Volatility Lessons

  • Eugene F. Fama and Kenneth R. French
  • Financial Analysts Journal
  • A version of this paper can be found here

The purpose of this study was to examine the changes in the distribution of the US equity risk premium as the return horizon varies from monthly, annually, 3 year, 5 year, 10 year, 20 and 30 year periods.  The equity premium was calculated as the monthly difference between the Market and Treasury bill returns.  Two types of simulations were conducted: (1) the first simulation treated the sample of historical return data as the population; and (2) the second treated the mean of the equity risk premium as uncertain.  This volatility around the expected premium was then built into the simulation.  The same analysis is conducted for large cap value stocks, small cap value stocks and small cap stocks, although not reviewed here.

  1. Does the dispersion of the distribution of the equity returns change when the investment horizon is lengthened?
  2. Is the expected risk premium or mean of the distribution observed to be negative for any holding period?
  3. Is the probability of a negative equity risk premium substantial at any of the investment horizons?

What are the Academic Insights?

  1.  YES.  For the simulation with a known mean, the volatility/SD increased as follows: .04 (1mo HP); .17 (1yr HP); .37 (3yr HP); .59 (5yr HP); 1.49 (10yr HP);  6.58 (20yr HP);  25.52 (30yr HP).  For an uncertain mean, the SD increased as follows:  .17 (1yr HP); .38 (3yr HP); .63 (5yr HP); 1.67 (10yr HP);  8.70 (20yr HP);  42.39 (30yr HP).  The volatility of the risk premium increased as the holding period increases.
  2. NO.  For the simulation with a known mean, the average premium was as follows: . 01 (1mo HP); .07 (1yr HP);  .23 (3yr HP); .45 (5yr HP);  1.33 (10yr HP);  6.10 (20yr HP);  21.39 (30yr HP). For an uncertain mean, the average was as follows:  .07 (1yr HP); .23  (3yr HP); .46 (5yr HP); 1.40 (10yr HP); 6.85 (20yr HP); 26.69 (30yr HP).  As the holding period increased, the expected risk premium also increased, but it shifted to the right at a rate that is faster than the increase in volatility.  Therefore, the distribution exhibited a large number of positive outcomes at the extreme right tail.
  3. YES.  In the charts below, it is clear that the distributions relative to the normal, become more peaked and skewed to the right as the holding period is lengthened.  And in general,  there is a decreasing chance that a negative risk premium will be observed with longer holding periods.  That is very good news.  However, negative equity premiums do occur at a nontrivial frequency.  For the one year period (not shown here), the simulated distribution is very close to normal and the likelihood of a negative return is the highest.  Moving to the 3, 5, 10 and 20 year periods there is a declining chance of observing a negative equity risk premium, but it does occur and can be substantial.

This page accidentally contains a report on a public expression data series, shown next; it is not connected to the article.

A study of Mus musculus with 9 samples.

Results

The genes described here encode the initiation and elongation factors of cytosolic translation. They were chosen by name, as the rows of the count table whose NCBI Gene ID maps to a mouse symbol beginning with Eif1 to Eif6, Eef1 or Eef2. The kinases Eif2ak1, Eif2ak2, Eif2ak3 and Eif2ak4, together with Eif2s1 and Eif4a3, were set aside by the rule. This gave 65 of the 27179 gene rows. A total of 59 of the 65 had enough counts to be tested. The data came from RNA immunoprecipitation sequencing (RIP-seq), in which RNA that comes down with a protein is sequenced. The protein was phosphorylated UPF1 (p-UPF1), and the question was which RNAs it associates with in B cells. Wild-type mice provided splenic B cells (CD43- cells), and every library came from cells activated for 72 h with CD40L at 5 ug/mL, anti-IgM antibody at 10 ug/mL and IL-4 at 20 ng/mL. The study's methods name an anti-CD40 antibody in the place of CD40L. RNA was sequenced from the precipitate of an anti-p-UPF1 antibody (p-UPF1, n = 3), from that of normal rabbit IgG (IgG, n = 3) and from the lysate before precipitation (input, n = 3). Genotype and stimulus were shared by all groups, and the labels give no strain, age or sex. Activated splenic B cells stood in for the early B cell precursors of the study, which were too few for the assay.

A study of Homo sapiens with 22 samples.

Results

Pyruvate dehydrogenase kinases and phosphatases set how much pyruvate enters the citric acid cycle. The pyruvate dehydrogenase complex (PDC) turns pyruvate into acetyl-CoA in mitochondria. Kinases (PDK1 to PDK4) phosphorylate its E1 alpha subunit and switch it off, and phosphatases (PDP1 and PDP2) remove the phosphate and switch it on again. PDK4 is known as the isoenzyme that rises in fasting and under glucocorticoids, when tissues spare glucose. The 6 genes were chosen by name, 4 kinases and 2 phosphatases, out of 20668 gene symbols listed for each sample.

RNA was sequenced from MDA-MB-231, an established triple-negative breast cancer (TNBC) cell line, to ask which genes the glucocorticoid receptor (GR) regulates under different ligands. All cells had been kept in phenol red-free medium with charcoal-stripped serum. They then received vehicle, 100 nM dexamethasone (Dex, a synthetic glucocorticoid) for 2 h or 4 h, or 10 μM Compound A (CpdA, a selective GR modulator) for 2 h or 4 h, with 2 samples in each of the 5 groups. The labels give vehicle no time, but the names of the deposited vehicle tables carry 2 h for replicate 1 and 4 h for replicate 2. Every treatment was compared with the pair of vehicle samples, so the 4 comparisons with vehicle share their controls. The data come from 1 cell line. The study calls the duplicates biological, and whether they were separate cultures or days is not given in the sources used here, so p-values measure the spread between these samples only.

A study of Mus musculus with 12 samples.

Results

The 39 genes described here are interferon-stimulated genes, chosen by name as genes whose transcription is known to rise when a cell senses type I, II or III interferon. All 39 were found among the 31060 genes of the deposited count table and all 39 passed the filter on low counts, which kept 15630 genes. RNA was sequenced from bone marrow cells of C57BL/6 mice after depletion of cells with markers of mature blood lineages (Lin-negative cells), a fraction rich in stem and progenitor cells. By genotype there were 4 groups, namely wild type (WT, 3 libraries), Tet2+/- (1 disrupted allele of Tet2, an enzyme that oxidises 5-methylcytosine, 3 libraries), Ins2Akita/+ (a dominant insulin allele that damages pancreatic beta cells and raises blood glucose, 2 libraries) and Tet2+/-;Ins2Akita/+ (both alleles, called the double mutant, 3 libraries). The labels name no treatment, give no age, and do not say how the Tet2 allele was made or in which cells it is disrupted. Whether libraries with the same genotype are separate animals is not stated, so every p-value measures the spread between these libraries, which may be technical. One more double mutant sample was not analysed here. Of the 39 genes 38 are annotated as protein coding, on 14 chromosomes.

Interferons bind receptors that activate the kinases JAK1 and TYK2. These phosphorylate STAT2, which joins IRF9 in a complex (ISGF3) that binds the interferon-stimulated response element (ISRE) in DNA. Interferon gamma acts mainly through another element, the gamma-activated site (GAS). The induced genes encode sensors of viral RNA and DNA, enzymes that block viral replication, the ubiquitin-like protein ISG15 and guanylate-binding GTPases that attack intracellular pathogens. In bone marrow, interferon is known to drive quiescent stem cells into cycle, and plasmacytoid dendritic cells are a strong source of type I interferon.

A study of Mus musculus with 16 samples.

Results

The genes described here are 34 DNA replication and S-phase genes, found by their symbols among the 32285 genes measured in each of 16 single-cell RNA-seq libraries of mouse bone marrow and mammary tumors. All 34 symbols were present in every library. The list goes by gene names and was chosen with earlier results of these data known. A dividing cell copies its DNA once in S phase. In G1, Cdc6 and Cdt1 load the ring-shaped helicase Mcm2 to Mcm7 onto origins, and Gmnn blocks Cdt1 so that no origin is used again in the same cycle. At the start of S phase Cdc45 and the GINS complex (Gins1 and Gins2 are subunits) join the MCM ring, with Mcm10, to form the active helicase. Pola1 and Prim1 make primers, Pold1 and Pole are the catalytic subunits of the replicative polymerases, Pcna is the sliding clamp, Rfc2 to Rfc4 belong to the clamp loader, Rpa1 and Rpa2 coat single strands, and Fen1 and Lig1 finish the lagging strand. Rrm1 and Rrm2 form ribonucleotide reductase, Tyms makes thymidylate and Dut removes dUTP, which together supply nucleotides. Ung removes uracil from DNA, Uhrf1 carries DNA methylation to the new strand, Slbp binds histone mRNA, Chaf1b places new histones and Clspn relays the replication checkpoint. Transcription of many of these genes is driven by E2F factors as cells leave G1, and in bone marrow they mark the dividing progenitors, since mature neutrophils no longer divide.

Why does it matter?

Volatility Lesson from this research applies directly to the use of 1, 3, 5, 10 and even 20 year holding period historical return data to forecast the equity risk premium.  The noise embedded in these short and long term return series make forecasting risk premiums unreliable if these specific holding periods are used as the basis for the forecast.  At the 1, 3, and 5  year holding periods, the probability that the equity risk premium could be negative is substantial.  Even at the 10 and 20 year periods, the probability of a negative return is low but is nontrivial when observed.

These results call into question the use of this type of data commonly used for asset allocation as well as valuation decisions.  The authors conclude with a subtle but deadly warning:

 Those who act on such noisy evidence should reconsider their approach.


The most important charts from the paper

The results are hypothetical results and are NOT an indicator of future results and do NOT represent returns that any investor actually attained. Indexes are unmanaged and do not reflect management or trading fees, and one cannot invest directly in an index.


The average monthly premium of the Market return over the one month T-bill return is substantial, as are average premiums of value and small stocks over Market. As the return horizon increases, premium distributions become more disperse, but they move to the right (toward higher values) faster than they become more disperse. There is, however, some bad news. Even if future expected premiums match high past averages, high volatility means that for the 3- and 5-year periods commonly used to evaluate asset allocations, the probabilities of negative realized premiums are substantial, and the probabilities are nontrivial for 10- and 20-year periods.